Fabrication of 4 terminal perovskite//CIGS tandem solar cell using optical splitting method
Akira Yamada a, Kazuyoshi Nakada a, Takahito Nishimura a, Tsutomu Miyasaka b, Youhei Numata b
a Tokyo Institute of Technology, 2-12-1 Oookayama, Meguro-ku, Tokyo, Japan
b Toin University of Yokohama, 1614 Kurogane-cho, Aoba, Yokohama, 2258503, Japan
Asia-Pacific International Conference on Perovskite, Organic Photovoltaics and Optoelectronics
Proceedings of International Conference Asia-Pacific Hybrid and Organic Photovoltaics (AP-HOPV17)
Yokohama-shi, Japan, 2017 February 2nd - 4th
Organizers: Tsutomu Miyasaka and Iván Mora-Seró
Poster, Kazuyoshi Nakada, 009
Publication date: 7th November 2016

The potential of 4 terminal perovskite//CIGS tandem solar cell was evaluated by optical splitting method. In the 4 terminal approach, there is flexibility in cell design since the current matching required in 2 terminal device is not needed. Additionally, adjusting of the polarity of the top cell back electrode and bottom cell top electrode is not required. On the other hand, in the splitting method, the top and bottom cells can be evaluated on their original and already developed single junction structure, without any adaption such as application of transparent back electrode for the top cell used in stacked structures. The optical splitting method is realized by the use of an optical filter installed in an angle of 45 degrees between the light source and bottom cell. The optical filter used in this work was designed to reflect the light with wavelength shorter than 620 nm, and to transmit the longer wavelength light. The perovskite cell is set perpendicularly to the bottom cell to receive the light reflected by the optical filter.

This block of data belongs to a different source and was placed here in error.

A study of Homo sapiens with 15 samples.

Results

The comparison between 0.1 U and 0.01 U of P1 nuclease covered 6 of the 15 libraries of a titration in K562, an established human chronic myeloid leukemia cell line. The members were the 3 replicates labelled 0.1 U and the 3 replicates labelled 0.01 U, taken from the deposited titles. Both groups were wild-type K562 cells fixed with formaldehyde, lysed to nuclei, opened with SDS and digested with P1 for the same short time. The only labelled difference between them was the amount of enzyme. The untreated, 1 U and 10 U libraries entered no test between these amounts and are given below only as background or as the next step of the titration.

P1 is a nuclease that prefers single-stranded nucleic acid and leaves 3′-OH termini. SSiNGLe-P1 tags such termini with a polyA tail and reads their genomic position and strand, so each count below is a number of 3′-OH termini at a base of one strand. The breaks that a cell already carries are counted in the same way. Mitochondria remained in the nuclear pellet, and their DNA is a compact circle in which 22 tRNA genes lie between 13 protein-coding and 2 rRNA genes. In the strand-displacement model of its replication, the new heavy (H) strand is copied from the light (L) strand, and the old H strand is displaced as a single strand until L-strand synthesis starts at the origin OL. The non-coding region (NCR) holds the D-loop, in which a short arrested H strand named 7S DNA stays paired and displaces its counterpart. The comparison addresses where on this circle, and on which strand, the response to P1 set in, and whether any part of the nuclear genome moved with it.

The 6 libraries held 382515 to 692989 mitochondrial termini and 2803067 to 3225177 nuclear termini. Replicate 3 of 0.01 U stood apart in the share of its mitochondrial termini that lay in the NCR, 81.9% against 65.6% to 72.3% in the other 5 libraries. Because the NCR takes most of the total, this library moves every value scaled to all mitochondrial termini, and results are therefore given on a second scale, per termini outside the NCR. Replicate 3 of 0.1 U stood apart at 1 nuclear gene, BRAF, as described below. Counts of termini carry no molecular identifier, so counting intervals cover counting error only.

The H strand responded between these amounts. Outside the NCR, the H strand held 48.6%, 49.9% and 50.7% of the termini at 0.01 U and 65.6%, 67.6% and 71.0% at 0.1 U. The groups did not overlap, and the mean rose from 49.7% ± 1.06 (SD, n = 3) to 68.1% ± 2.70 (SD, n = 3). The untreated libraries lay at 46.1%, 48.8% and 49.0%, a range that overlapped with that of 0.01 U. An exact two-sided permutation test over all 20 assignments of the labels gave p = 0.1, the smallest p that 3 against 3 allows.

The efficiencies of the perovskite and CIGS single solar cells used in this work under 1 sun condition were 13.3% (JSC 22.0 mA/cm2, VOC 1.03 V, FF 58.4%) and 18.8% (JSC 38.7 mA/cm2, VOC 0.651 V, FF 74.4%), respectively. The cell area and bandgap estimated from the absorption edge of the perovskite solar cell were 9 mm2 and 1.5 eV, respectively. Similarly, the area and estimated bandgap of the CIGS solar cell were 15 mm2 and 1.1 eV, respectively.

The efficiencies of the perovskite and CIGS solar cells after splitting were 9.0% (JSC 12.2 mA/cm2, VOC 1.03 V, FF 71.5%) and 12.1% (JSC 25.7 mA/cm2, VOC 0.637 V, FF 73.9%), respectively, resulting in a total efficiency of 21.1%. Interestingly, FF of the perovskite top cell improved after splitting, while VOC remains the same. This could be related to the lower injection condition under splitting. On the other hand, VOC of the CIGS bottom cell after splitting decreased according to the decrease in JSC, which in turn is close to the value estimated from EQE. Considering the bandgap of the solar cells used in this work, an optical filter with a cutting wavelength of 770 nm should result in a higher total efficiency. Further efficiency improvement is expected by using an optical filter with lower absorption loss and by the application of a top solar cell with a bandgap of 1.7–1.8 eV.